It's important to start dental visits when your child is young so your dentist can monitor your child for dental problems such as tooth crowding and misalignment of the teeth. When these problems occur, early orthodontic treatment is often advised since the bones and teeth in a young child's mouth are easier to move and shape.
If your child needs braces, they might also need a palate expander. Not all kids do, but in some cases, an expander is an important part of orthodontic treatment. Here's how a palate expander works.
An Expander Widens The Palate
An expander might be indicated if your child has a narrow palate. If the palate isn't wide enough, there isn't enough room for the teeth when they erupt. This can cause impacted teeth, crowded teeth, and misaligned teeth. If your child needs a palate expander, it is usually put in before your child gets braces. This allows time for the palate to widen, and then the braces can be put in.
An expander works by gradually widening the expander by turning a screw. The expander is worn under the upper palate and it pushes against the teeth. You need to use a key to move the expander a little bit each day during the course of treatment so your child's palate gradually widens.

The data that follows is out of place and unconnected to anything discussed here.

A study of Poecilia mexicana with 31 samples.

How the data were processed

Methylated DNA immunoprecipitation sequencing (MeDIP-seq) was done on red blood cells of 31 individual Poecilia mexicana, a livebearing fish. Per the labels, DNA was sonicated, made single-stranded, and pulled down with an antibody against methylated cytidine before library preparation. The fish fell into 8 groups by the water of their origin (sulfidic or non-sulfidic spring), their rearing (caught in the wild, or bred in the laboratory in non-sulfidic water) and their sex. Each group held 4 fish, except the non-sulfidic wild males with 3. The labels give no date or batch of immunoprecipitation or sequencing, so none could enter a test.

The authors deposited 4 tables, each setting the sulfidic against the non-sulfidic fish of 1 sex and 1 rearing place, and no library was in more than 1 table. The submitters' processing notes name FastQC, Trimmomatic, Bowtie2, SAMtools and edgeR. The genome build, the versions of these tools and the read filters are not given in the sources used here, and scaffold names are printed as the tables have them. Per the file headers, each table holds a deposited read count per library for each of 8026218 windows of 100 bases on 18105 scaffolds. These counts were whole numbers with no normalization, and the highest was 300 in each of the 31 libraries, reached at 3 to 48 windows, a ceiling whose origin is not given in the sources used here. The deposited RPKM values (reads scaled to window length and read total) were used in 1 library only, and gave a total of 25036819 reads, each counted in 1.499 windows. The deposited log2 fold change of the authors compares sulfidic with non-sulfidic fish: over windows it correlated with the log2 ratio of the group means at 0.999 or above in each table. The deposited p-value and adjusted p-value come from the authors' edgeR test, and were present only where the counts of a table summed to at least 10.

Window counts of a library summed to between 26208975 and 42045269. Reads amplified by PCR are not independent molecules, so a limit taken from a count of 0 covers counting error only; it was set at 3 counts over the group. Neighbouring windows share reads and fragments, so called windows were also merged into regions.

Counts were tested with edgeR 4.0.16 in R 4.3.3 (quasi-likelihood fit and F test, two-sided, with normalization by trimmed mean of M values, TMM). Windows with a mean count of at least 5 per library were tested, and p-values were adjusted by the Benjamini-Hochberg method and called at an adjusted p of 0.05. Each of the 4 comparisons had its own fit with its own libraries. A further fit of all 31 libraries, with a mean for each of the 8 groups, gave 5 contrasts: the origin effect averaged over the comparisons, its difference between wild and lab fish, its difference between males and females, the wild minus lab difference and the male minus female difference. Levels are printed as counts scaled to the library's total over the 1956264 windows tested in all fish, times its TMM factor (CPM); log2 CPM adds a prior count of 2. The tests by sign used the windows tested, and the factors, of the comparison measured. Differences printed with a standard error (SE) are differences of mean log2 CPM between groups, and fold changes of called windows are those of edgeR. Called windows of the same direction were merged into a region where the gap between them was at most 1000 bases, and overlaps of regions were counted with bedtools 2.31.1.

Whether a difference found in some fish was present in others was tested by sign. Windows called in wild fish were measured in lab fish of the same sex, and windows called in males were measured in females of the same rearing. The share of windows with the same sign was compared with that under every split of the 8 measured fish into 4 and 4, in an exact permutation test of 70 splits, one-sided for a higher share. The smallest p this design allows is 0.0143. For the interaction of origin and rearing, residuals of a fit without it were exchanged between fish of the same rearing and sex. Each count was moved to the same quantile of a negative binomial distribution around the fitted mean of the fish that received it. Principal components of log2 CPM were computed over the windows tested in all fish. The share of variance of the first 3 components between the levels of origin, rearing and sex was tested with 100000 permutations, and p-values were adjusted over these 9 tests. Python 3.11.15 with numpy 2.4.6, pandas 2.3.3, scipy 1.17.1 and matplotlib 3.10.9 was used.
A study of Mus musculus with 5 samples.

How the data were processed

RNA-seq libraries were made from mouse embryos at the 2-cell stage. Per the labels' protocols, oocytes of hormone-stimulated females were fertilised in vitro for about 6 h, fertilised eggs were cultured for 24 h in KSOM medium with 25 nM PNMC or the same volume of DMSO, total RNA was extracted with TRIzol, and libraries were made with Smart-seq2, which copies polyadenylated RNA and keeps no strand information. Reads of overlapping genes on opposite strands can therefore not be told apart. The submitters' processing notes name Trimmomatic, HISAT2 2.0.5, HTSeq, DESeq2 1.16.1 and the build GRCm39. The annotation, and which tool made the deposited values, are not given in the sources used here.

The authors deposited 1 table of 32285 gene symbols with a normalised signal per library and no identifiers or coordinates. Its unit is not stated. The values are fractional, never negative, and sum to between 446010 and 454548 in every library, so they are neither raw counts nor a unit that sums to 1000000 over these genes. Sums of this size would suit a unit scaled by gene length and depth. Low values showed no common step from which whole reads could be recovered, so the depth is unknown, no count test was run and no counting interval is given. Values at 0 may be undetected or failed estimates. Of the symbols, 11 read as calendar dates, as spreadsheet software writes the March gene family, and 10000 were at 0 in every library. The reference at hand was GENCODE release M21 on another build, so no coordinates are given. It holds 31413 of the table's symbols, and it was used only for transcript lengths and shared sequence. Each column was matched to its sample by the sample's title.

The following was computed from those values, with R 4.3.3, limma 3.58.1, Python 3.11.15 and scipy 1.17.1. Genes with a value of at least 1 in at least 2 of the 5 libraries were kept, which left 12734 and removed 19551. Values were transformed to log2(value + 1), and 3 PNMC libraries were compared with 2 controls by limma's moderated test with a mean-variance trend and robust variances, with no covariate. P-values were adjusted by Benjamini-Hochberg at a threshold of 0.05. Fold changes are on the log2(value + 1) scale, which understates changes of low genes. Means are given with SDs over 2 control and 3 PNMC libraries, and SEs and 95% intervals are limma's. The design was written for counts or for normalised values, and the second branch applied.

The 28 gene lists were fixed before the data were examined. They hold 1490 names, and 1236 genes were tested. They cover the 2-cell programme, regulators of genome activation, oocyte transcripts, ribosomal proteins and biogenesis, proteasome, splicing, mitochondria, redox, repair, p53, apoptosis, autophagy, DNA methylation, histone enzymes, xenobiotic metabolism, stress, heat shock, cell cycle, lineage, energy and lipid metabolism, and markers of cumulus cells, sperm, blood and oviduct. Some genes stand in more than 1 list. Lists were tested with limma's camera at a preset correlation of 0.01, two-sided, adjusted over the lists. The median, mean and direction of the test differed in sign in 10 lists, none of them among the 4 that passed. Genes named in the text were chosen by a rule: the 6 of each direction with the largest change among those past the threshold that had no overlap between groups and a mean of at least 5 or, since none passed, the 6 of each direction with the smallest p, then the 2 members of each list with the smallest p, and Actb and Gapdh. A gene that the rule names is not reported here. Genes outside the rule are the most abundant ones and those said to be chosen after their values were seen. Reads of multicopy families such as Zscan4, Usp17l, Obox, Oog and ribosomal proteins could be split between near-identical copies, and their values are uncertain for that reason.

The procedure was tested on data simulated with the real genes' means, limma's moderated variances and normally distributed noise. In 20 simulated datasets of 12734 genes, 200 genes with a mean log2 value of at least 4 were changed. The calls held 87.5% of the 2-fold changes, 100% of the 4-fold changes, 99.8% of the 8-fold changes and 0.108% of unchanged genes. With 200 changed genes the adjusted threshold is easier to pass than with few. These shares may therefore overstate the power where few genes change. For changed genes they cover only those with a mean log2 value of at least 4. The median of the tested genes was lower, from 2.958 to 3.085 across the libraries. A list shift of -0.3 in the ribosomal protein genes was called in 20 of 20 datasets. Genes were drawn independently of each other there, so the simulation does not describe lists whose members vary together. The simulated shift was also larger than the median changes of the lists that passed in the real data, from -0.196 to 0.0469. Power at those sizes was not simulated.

There Are Different Types Of Expanders
Your orthodontist chooses the right type of expander based in part on your child's age. Some are permanent and some can be removed. However, they all work the same way in that the expander is gradually widened by turning a screw on the expander with a key.
If your child is in their teen years and past their growth spurts, the orthodontist may need to use an implant expander. This works on the same principle as expanders for young kids except they move bone rather than teeth. These palate expanders are attached to the bone in the palate with small implants, and pressure is put on the bones to widen the palate rather than push against teeth as other palate expanders do.
Expanders Can Be Worn With Braces
While it's common for a child to wear a palate expander for several months before braces are put on, your orthodontist might suggest wearing the expander and braces at the same time. This allows the braces to straighten out teeth that are already misaligned while the palate widens to allow new teeth to grow in straight.
If your child needs braces and a palate expander, your orthodontist will explain how the treatment will work and the timeline to expect. Every mouth is different, and your child's tolerance matters too. Your orthodontist will choose a plan that's suitable for your child's age and condition so your child is comfortable during the many months of orthodontic treatments they may need. For more information on braces, contact a local Orthodontist inPeoria, AZ.